Load Quantification and Testing Using Flywheel Devices in Sports
A study found that both inertia–power and inertia–velocity relationships can be used to design the profile of a given flywheel exercise, which in turn can be used for assessing training adaptations and progress. Furthermore, researchers found that the optimal inertial load can be assessed using a progressive testing protocol evaluating the peak power, and that this approach allows to individualize the load for each user based on their own physical characteristics. Finally, a flywheel squat test protocol was carried out to evaluate adaptations and has been recently validated—reporting excellent test-retest reliability for concentric and eccentric power outputs.
Here are some key findings from the study
- Flywheel exercise has some unique characteristics and offers several advantages compared to isotonic or traditional resistance exercises.
- In addition, eccentric training can induce chronic neural (e.g., increased motor unit synchronization) and morphological (e.g., structure of the musculotendinous unit) adaptations (Douglas et al., 2017a; Hody et al., 2019; Beato and Dello Iacono, 2020; Beato et al., 2021). However, flywheel training benefits are not only related to the eccentric movement phase, but they are due to the combination of both concentric and eccentric contractions during the same exercise (Nuñez and Sáez de Villarreal, 2017; Beato and Dello Iacono, 2020). Although the concentric contraction in flywheel exercises have received lower interest compared to the eccentric contraction, it plays a key role in the obtainment of specific adaptations (both neural and morphological), and it is a necessary component for the development of the subsequent eccentric contraction (Norrbrand et al., 2008; Maroto-Izquierdo et al., 2017; Beato et al., 2019; Beato and Dello Iacono, 2020).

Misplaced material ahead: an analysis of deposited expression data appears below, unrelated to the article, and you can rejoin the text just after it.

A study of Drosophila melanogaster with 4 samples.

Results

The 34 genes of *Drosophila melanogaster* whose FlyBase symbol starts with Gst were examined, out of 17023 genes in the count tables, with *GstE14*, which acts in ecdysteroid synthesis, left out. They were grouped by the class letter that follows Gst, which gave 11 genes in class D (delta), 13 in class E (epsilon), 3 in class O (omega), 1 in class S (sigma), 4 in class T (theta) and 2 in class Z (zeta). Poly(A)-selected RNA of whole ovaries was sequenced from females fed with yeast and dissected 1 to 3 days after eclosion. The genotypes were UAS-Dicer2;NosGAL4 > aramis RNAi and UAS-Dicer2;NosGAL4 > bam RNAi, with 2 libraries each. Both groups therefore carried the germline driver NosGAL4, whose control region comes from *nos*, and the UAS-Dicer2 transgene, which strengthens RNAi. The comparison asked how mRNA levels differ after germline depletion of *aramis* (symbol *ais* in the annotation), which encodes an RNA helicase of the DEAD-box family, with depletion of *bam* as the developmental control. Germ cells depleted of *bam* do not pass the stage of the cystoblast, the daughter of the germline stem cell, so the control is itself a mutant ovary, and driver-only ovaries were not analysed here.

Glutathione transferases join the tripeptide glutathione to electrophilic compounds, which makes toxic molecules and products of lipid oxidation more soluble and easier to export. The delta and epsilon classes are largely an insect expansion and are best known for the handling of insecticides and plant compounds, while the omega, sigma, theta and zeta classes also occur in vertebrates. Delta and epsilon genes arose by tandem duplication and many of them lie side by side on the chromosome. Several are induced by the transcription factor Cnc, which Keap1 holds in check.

- For that reason, it is important to quantify kinetic and kinematic variables, such as velocity, power, or force, during both concentric and eccentric actions of the flywheel exercise to individually monitor and adjust training volume and intensity to fit the needs of each participant (Suchomel et al., 2019a; McErlain-Naylor and Beato, 2020; Piqueras-Sanchiz et al., 2020).